Cash Flows and Net Income Comparison
The net cash flow was $613,000 while the net income was $161,150 for the year. The positive net cash flow represents the amount of money that the business received from its activities that include financing, operating, and investing. Some of this money is not directly in the form of profits but as loans, capital, and sale of inventories. On the other hand, the net profit refers to the extra money that the firm raises from its operating activities; it is the result of deducting all the expenses from the sales amount (Weil, Schipper, & Francis, 2014). Moreover, the cash flow indicates the total amount of funds that the business had at the year-end.
Discussion of the Results
Cash Flow from Operations
The cash flow from operation activities was $143,000. The amount represents the funds raised from the usual business undertakings that include sales and acquisition of inventory. It was as a result of two adjustments. First, it involved the addition of the depreciation figure, $24,350 back to the net profit since it is not a cash expense. Notably, depreciation had been deducted so as arrive at the net profit. Therefore, adding it back helps obtain the actual amount available after deducting all the other cash-expenditure items (Weil, Schipper, & Francis, 2014). Second, the increased value of inventory, -$42,500, was deducted from the net profit to recognize the outflow of cash from the business. That is because the firm spent money when acquiring the related stock.
Cash Flow from Investing Activities
The cash flow from investing activities was -$40,000. The amount represents the funds that the organization paid as down payment to acquire the new parcel of land. It is recognized as a negative balance because it was an outflow of cash from the business (Weil, Schipper, & Francis, 2014).
Cash Flow from Financing Activities
The total net cash flow from financing activities was $495,000. The computation involved three items that include paid-up share capital, borrowings, and dividends. The paid-up share capital was added to the category given that the business received it (Weil, Schipper, & Francis, 2014). Notably, the share capital recognized was $150,000 and not $180,000, the entire issues. The business only received $150,000, and it is the only amount that it should recognize as inflow. Another component in the financing part was the amount of long-term borrowings of $360,000. The company received the money from the bank for the purchase of land. Therefore, it was an inflow that required being added to the financing activities (Porter & Norton, 2014). Lastly, the amount of dividend paid was deducted from the list because it was an outflow of funds from the organization.
Summary of Lessons Learned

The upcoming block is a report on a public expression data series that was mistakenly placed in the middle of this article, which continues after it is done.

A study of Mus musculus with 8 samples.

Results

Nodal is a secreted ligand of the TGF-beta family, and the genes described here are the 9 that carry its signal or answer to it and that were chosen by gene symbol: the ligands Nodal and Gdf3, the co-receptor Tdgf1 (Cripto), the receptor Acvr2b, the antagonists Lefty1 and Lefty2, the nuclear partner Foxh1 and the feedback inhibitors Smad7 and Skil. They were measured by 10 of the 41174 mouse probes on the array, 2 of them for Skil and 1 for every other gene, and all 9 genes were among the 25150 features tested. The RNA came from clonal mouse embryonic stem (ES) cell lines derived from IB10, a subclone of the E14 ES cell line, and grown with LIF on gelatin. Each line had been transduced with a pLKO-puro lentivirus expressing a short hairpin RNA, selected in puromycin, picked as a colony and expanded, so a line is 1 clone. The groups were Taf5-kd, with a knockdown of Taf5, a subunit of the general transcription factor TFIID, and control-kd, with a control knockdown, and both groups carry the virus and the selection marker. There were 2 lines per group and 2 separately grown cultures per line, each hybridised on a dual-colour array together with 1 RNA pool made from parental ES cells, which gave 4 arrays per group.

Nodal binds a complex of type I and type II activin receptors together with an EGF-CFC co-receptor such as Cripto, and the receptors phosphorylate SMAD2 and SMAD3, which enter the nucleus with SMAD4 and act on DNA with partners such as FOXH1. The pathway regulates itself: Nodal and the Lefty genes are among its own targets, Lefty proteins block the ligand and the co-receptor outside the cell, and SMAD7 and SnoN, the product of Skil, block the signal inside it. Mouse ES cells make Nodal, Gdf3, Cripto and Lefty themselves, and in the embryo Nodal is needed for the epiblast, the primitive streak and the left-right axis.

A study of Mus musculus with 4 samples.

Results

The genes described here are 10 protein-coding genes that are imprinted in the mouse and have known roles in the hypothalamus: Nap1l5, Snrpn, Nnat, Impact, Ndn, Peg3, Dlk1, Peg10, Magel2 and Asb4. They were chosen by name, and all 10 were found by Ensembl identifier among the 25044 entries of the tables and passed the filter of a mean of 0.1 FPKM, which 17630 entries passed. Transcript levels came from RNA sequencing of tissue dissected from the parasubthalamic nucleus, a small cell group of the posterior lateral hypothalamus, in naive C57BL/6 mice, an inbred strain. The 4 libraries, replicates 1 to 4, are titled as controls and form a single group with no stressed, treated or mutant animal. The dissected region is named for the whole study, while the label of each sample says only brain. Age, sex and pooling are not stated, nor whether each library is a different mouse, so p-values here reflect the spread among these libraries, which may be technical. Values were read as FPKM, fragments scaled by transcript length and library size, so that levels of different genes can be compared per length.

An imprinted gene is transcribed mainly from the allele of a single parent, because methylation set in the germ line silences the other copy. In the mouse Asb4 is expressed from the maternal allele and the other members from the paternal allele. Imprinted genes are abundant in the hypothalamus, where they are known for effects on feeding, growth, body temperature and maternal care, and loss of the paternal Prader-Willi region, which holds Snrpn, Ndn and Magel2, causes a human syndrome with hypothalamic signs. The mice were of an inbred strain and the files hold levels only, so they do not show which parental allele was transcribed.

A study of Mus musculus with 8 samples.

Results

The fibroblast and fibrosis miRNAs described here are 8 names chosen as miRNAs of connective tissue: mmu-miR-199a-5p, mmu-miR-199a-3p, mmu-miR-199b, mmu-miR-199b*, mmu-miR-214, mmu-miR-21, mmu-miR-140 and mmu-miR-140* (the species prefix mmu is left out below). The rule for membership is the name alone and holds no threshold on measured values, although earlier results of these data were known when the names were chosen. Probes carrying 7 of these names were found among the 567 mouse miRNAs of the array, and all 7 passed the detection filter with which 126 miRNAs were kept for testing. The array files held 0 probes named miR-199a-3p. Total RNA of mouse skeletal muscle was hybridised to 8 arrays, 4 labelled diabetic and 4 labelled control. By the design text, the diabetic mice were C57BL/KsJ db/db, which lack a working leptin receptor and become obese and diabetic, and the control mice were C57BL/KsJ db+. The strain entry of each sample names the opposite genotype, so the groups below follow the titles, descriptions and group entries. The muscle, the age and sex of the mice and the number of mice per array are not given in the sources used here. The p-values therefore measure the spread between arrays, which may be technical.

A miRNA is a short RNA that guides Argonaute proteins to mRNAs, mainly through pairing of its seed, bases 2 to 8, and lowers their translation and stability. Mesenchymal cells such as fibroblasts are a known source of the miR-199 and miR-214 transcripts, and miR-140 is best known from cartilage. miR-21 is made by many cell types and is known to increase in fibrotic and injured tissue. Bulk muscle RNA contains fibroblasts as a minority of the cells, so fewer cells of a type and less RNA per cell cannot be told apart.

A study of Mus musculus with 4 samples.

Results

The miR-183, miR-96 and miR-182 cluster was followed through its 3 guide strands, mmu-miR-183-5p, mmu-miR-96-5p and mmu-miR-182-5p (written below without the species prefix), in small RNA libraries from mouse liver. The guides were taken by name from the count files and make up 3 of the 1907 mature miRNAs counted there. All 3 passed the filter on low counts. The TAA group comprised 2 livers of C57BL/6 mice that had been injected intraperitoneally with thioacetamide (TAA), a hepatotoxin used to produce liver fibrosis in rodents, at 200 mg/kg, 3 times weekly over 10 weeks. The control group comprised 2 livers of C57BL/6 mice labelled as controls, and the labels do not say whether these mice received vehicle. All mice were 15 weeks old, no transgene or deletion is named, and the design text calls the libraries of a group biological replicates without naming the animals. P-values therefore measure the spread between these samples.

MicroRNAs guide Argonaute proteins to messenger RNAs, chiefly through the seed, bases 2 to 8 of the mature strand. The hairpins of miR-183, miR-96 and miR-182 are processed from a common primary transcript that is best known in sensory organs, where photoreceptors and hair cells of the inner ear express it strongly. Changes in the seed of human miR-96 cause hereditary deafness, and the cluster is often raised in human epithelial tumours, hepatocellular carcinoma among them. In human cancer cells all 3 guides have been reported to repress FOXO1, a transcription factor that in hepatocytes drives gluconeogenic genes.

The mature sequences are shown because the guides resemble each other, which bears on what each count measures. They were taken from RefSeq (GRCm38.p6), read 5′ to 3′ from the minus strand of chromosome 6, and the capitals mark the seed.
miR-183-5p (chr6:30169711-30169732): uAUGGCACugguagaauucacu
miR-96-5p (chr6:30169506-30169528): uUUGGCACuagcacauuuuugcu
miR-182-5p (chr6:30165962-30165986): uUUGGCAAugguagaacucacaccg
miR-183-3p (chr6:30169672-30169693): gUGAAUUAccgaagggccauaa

From the SLPs, I have learned the differences between the major three financial statements that include the income statement, balance sheet, and cash flow statement. The income statement shows the net profit as a result of the deduction of all the business expenses from the revenues. The balance sheet is a statement that records the values of assets, capital, and liabilities (Porter & Norton, 2014). Lastly, the cash flow statement shows the balance between the money that the business received and the ones that it spent.
I have also learned that it is vital to make accounting adjustments whenever an organization comes to the realization of the existence of a transaction that was either omitted entirely or recorded in a wrong manner. It is necessary to make the adjustments because they might have substantial effects on the figures of the statement such as the net profit ( if you're interested in such detailed review, you can order it here). For example, the mistreatment of the cost of inventory in Module 1 saw the firm record a net profit of $118,650. However, a proper adjustment in Module 2 showed a net profit of $161,150. Therefore, the statements can easily present misleading information if they are erratic and without appropriate further adjustments.
Lastly, I have learned that there is a difference between the cash flow balance and the net profit during any period of operation. The difference exists because the net profit only includes the extra money generated from the business processes (revenues – expenses). Meanwhile, the cash flow statement shows the balance between all the funds that the company received against those which it paid (Sinha, 2012). The cash flow statement incorporates all the categories of transactions classified as operating, financing, and investing activities. It is not restricted to the operating activities as for the case of the income statement.